The most dangerous stories are the ones we tell ourselves…
No. 36 Westeryk Road: an imposing flat-stone house on the outskirts of Edinburgh. A place of curving shadows and crumbling grandeur. But it’s what lies under the house that is extraordinary – Mirrorland. A vivid make-believe world that twin sisters Cat and El created as children. A place of escape, but from what?
Now in her thirties, Cat has turned her back on her past. But when she receives news that one sunny morning, El left harbour in her sailboat and never came back, she is forced to return to Westeryk Road; to re-enter a forgotten world of lies, betrayal and danger. Because El had a plan. She’s left behind a treasure hunt that will unearth long-buried secrets. And to discover the truth, Cat must first confront the reality of her childhood – a childhood that wasn’t nearly as idyllic as she remembers…
Mirrorland is a masterclass in unreliable narrators and merging fantasy and a psychological thriller into one book. Being a fan of both genres this really was a brilliant combination for me! I have read a few books recently where memory issues and ‘fugue’ states are brought in as what feels like very convenient plot devices - a way to keep even the narrator from fully knowing what is going on. I usually complain that these become frustrating for a reader and feel unrealistic. Mirrorland treads that fine line with perfect balance and drip feeds us just enough information to keep us hooked without frustration.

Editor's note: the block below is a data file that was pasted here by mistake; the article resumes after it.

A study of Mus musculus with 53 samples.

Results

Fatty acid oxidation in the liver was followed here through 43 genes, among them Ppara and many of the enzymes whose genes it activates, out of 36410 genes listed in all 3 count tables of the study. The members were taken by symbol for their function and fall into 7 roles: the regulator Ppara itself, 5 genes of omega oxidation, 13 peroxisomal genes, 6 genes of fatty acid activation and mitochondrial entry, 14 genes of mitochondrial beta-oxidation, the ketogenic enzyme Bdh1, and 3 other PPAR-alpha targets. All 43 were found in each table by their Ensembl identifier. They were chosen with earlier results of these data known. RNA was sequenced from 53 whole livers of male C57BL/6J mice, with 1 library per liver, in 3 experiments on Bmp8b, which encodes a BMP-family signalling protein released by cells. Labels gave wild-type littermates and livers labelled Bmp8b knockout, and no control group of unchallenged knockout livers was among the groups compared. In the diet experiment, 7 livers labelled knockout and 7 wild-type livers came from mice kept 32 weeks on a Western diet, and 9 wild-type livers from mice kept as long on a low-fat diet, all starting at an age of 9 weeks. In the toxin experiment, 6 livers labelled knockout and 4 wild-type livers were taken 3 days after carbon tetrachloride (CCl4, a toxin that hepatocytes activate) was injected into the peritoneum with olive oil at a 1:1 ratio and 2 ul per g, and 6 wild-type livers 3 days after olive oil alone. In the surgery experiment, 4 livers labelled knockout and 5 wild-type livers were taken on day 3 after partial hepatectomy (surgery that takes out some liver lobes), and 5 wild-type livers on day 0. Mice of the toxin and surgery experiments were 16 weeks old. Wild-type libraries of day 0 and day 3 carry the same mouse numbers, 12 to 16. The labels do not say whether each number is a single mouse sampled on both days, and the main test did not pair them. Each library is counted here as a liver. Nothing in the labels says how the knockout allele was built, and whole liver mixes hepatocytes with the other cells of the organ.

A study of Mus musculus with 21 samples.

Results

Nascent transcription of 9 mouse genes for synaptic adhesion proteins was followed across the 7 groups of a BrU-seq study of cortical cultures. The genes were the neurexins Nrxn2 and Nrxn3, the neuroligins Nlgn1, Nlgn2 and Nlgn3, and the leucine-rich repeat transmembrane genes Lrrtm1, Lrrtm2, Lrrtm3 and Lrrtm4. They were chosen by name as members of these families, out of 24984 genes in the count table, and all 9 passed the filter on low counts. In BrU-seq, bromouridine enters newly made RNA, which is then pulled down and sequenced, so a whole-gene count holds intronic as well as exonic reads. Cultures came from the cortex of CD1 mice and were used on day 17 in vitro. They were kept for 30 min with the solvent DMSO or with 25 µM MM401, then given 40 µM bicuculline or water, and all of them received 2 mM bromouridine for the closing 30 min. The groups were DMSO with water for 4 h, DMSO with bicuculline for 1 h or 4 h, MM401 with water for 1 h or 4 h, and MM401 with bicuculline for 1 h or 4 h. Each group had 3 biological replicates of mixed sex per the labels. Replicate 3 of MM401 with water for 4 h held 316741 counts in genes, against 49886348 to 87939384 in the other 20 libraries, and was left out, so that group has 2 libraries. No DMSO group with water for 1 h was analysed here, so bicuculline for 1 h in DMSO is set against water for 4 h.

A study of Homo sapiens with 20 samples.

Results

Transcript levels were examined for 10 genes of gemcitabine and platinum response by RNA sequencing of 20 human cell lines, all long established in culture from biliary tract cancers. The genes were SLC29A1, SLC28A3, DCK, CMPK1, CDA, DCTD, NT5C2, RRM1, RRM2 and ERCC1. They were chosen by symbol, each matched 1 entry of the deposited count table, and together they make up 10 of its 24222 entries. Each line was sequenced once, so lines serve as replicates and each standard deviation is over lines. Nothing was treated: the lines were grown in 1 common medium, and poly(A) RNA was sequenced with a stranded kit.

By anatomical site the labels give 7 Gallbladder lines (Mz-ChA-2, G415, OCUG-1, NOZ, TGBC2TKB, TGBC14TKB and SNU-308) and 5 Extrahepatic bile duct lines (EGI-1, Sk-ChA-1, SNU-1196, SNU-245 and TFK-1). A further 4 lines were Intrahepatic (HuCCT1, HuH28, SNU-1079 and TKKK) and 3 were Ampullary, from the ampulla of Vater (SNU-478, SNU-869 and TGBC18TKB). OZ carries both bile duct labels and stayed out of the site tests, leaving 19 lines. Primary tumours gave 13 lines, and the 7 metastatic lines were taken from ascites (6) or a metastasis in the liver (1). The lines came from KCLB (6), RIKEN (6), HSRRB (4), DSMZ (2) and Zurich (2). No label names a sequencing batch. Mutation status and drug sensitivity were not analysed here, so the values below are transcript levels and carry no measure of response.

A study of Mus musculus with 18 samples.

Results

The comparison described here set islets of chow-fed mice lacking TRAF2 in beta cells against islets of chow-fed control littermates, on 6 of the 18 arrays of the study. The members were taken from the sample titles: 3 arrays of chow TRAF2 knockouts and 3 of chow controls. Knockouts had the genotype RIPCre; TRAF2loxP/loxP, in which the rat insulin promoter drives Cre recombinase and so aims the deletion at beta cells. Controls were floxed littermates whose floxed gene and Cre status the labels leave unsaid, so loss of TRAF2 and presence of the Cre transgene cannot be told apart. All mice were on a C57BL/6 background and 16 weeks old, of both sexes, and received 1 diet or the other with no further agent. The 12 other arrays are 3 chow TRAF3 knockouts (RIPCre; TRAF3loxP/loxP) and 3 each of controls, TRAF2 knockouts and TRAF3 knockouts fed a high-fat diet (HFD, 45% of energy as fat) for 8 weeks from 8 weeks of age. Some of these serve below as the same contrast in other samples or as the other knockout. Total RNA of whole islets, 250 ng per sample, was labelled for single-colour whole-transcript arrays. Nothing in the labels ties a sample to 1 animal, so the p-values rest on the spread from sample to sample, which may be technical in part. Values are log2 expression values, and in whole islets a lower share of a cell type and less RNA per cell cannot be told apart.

Our narrator Cat and her twin sister El lived in a fantasy to escape the world around them – flashbacks to their childhood involve Pirates, Witches and Clowns. I enjoyed learning more about both of them as characters although I did think some of the decisions that modern-day Cat was making seemed very foolish! The mechanic of revealing memories through the treasure hunt notes from El was great and the pace of the book kept me hooked throughout. I ended up finishing it in just a few sittings as I was desperate to know what had happened.
There are elements of a crime thriller in the book as well as El is missing and Cat is determined to find out what happened to her. However, if you are looking for a straightforward whodunnit thriller then be warned that is not this book. Be prepared to be confused in places but it only makes the payoff when you realise what is happening so much more impactful.
Overall Mirrorland blends fantasy with a crime thriller to make a unique and intriguing story that kept me hooked to the end. Thank you to NetGalley, HarperCollins UK, HarperFiction & The Borough Press for the chance to read the ARC in exchange for an honest review.